NSW Health Minister Jillian Skinner has launched a new program to address the shortage of skilled doctors on the South Coast.
Newly graduated doctors on the GP training pathway can choose, in their second year, to commence training in a rural town as a GP with advanced skills in either obstetrics or anaesthetics.
Nowra will offer two anaesthetics positions and Moruya will have one obstetrics position.
The doctors spend a year training in advanced skills in the hospitals and in the remaining two years of training they continue to provide advanced skills services to their local hospital and spend time in community practice under the expert training of a skilled general practitioner completing their GP training.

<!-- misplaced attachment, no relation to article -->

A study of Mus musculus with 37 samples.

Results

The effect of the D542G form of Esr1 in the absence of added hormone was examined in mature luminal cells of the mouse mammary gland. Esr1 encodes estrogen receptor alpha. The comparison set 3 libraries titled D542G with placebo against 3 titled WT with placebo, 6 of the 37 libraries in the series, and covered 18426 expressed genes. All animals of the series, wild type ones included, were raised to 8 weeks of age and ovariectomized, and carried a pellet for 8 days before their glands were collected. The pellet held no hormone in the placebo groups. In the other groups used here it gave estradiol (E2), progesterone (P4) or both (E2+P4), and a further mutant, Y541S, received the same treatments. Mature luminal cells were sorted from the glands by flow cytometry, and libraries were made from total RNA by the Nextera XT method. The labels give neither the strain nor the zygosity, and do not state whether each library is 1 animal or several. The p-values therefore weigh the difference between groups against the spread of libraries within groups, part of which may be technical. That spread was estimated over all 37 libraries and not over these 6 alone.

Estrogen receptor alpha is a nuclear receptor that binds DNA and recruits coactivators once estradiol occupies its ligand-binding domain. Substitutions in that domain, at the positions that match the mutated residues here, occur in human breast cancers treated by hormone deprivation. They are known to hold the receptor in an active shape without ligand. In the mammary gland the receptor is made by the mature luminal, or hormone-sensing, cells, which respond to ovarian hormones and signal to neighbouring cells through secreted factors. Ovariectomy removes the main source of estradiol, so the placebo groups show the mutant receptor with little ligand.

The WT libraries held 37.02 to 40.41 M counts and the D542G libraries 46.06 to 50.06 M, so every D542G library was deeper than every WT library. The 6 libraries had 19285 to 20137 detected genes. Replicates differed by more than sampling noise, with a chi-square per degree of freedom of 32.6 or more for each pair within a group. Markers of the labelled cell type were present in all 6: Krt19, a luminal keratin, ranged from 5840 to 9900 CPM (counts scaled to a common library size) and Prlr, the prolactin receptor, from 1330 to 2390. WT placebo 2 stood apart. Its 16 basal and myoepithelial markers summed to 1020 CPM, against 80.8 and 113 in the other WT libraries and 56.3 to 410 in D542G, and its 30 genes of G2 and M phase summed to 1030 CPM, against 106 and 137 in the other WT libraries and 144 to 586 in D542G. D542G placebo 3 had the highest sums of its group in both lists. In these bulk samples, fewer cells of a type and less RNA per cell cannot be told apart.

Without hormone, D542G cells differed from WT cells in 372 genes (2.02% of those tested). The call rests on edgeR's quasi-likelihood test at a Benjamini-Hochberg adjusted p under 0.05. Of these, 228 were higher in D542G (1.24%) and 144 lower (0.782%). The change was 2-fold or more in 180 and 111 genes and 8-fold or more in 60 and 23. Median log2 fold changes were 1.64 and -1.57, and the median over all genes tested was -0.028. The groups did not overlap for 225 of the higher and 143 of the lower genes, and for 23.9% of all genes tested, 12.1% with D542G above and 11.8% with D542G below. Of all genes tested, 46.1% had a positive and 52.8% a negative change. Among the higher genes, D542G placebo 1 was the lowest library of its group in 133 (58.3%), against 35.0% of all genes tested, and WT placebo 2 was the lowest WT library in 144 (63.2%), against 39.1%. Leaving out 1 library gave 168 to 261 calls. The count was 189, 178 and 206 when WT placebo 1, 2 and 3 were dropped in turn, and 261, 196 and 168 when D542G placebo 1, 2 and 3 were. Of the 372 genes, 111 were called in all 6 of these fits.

Mrs Skinner said the Rural Generalist Doctors program would produce "proficient doctors who are able to work both in community general practice and at rural hospitals practising advanced procedural skills".
"I have no doubt that their experiences in our wonderful rural and regional hospitals will do much to keep these skilled doctors in these areas," she said.
Mrs Skinner said the new doctors will now have a recognised career pathway.
The NSW Rural Generalist Training Program will train 15 participants annually.
This year the positions are at Tamworth, Maitland, Griffith, Wagga Wagga, Moruya, Nowra, Orange, Dubbo and Bathurst.
NSW Parliamentary Secretary for Regional Health, Melinda Pavey, said obstetrics and anaesthetics are two areas that rural local health districts have identified as "most-needed".